It’s easy to cut income taxes for the poor. It’s easy to say that the poor have enough burdens in life and we should spare them the burden of income taxes. People who are well off can afford to make up the difference. That’s an easy argument that our politicians love to make.
It’s also easy to raise income taxes on the rich. It’s easy to show how much more disposable income they have relative to the poor and middle class. It’s easy to highlight billionaires and their low income tax rates and make it sound like they are representative of all wealthy people. Regardless of how much the rich pay in taxes, it’s always easy to say they don’t pay enough.
In short, politically speaking, it’s just so easy to demonize the rich and raise their income taxes as well as empathize with the poor and cut their income taxes or absolve them from paying income taxes at all. It’s easy. What’s not so easy is to acknowledge the reality that we face when government spending exceeds revenue. It’s not easy to ask everyone to contribute to the system.
An Endless Cycle
This process of demonizing the rich and steadily decreasing the income taxes on the poor is an endless cycle. Every time a politician proposes income tax policy changes, we shift a little more burden to the rich and a little less burden from the poor. The process is deceptively simple, accumulates over time, and has damaged our politics.
When politicians of either party raise income taxes, they shift the tax brackets upward so that those who made enough last year to pay taxes won’t have to pay any taxes next year. It’s an incremental change that only affects a small number of individuals, but it inches up a little bit every time they change our tax policy.
When Republicans cut income taxes, they make deals with Democrats to get the lower tax brackets in exchange for shifting up the lower tax brackets. Once again, people who paid taxes before no longer have to pay taxes because the lowest threshold is slowly moved up. It’s still incremental, but it happens every time the tax brackets are adjusted.
In a nutshell, if income taxes go up, more of the poor are moved off the tax rolls; if income taxes go down, more of the poor are moved off the tax rolls. This is also referred to as “heads I win, tales you lose.” The cycle repeats itself until we’ve now reached a point where more than 40% of income earners pay zero income tax. (According to the IRS, in 2010 40.9% of all tax returns owed no income tax at all.)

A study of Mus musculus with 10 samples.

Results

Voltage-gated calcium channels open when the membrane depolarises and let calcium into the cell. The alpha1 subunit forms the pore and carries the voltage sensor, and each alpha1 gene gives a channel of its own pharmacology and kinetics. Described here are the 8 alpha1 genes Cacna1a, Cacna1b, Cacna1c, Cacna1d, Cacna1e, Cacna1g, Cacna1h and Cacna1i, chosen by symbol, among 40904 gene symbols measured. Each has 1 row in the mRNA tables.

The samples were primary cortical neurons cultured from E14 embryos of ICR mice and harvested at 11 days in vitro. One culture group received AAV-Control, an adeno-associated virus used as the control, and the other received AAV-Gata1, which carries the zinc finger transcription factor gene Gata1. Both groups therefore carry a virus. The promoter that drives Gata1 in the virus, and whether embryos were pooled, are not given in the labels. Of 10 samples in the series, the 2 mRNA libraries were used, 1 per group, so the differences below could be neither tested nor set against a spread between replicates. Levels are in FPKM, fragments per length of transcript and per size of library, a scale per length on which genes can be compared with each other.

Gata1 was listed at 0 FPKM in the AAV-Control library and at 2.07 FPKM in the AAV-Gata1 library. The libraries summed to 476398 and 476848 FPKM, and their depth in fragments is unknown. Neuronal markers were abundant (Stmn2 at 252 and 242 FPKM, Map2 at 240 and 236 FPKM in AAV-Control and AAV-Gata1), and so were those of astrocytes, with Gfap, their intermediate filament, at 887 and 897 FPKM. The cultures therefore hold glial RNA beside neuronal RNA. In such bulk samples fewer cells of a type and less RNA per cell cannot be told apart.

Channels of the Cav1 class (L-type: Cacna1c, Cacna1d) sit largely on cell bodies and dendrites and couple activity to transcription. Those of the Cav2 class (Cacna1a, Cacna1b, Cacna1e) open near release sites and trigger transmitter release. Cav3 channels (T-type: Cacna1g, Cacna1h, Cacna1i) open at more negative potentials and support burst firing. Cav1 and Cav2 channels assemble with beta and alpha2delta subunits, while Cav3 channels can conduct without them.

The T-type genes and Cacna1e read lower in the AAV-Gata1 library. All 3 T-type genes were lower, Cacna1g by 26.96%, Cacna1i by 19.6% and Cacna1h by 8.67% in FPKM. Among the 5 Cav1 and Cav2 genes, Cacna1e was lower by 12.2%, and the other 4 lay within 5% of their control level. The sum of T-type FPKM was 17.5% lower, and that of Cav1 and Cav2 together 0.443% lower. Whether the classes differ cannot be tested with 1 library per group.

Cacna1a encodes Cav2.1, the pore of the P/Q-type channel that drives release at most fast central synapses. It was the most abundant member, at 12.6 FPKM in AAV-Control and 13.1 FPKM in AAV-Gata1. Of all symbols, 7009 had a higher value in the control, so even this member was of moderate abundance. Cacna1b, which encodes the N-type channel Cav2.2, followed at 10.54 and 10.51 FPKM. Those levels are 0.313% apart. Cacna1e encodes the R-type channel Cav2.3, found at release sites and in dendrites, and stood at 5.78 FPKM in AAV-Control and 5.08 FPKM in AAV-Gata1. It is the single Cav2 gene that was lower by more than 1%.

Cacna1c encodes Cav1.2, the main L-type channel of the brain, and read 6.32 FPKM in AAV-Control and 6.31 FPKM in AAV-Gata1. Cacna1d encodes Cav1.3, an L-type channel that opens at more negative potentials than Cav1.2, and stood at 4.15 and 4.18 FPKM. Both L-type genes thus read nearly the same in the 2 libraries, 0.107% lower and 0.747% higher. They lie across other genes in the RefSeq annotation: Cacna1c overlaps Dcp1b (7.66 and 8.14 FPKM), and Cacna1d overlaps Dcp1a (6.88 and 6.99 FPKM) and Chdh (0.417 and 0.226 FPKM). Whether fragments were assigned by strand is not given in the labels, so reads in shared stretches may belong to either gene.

Living Off the Minority
And that’s when a tipping point is reached. As the cycle proceeds, someday more than half the people pay no income taxes and a minority will pay the lion’s share. The majority begins to live off of the hard work and earning power of a minority.
Politicians are so used to helping the poor and so afraid of the charge that they are helping the rich that we are unable to spread the tax burden across the population. Even when it becomes a necessity, we will be unable to fix the problem that has been created. It’s shown itself in the current election with Democrats charging that Romney’s plan to “broaden the tax base” is just a way of increasing taxes on the poor.
And the charge is correct! We have been cutting taxes for the poor and middle class for so long, that we have a lopsided system that needs to be corrected. That will mean raising taxes on those near the bottom. But we got to this point by steadily shifting the burden away from the poor and the middle class, so there simply is no other way to fix the problem of everyone not paying their fair share.
Tax Everyone Who Isn’t Poor
Let’s stop relying on easy arguments and be more realistic. 40% of Americans are not poor. If the poverty line means anything, it’s worth noting that fewer than 15% of Americans live below the poverty line. That leaves 25% of those paying zero income taxes above the poverty line. If the poverty line is our definition of “poor,” then 25% of people who aren’t poor aren’t paying income tax. This is intolerable.
So let’s agree that we won’t tax the poor. We will not assess an income tax on the 15% of Americans below the poverty line. If we can agree not to tax the poor, can our politicians also agree that it’s necessary to tax everyone who isn’t poor? We can still have a graduated system with higher tax brackets for the highest income earners, but everyone who isn’t poor must pay something.
The Free Ride is Over
Politicians got us into this mess by playing class politics, steadily shifting people off of the income tax rolls, and steadily shifting the burden of government on to the rich and upper middle class. I’m no defender of the wealthy, but it’s obvious to anyone willing to acknowledge reality that our income tax system is lopsided.
The free ride is over. We’re near a tipping point where the majority begins to live off the minority, and we excuse nearly half of all Americans from paying into the system. Government services are for everyone; our government is for all the people and by all the people. It’s time we all wake up and stop the political gamesmanship. A trillion here and a trillion there and pretty soon we’re talking about real money.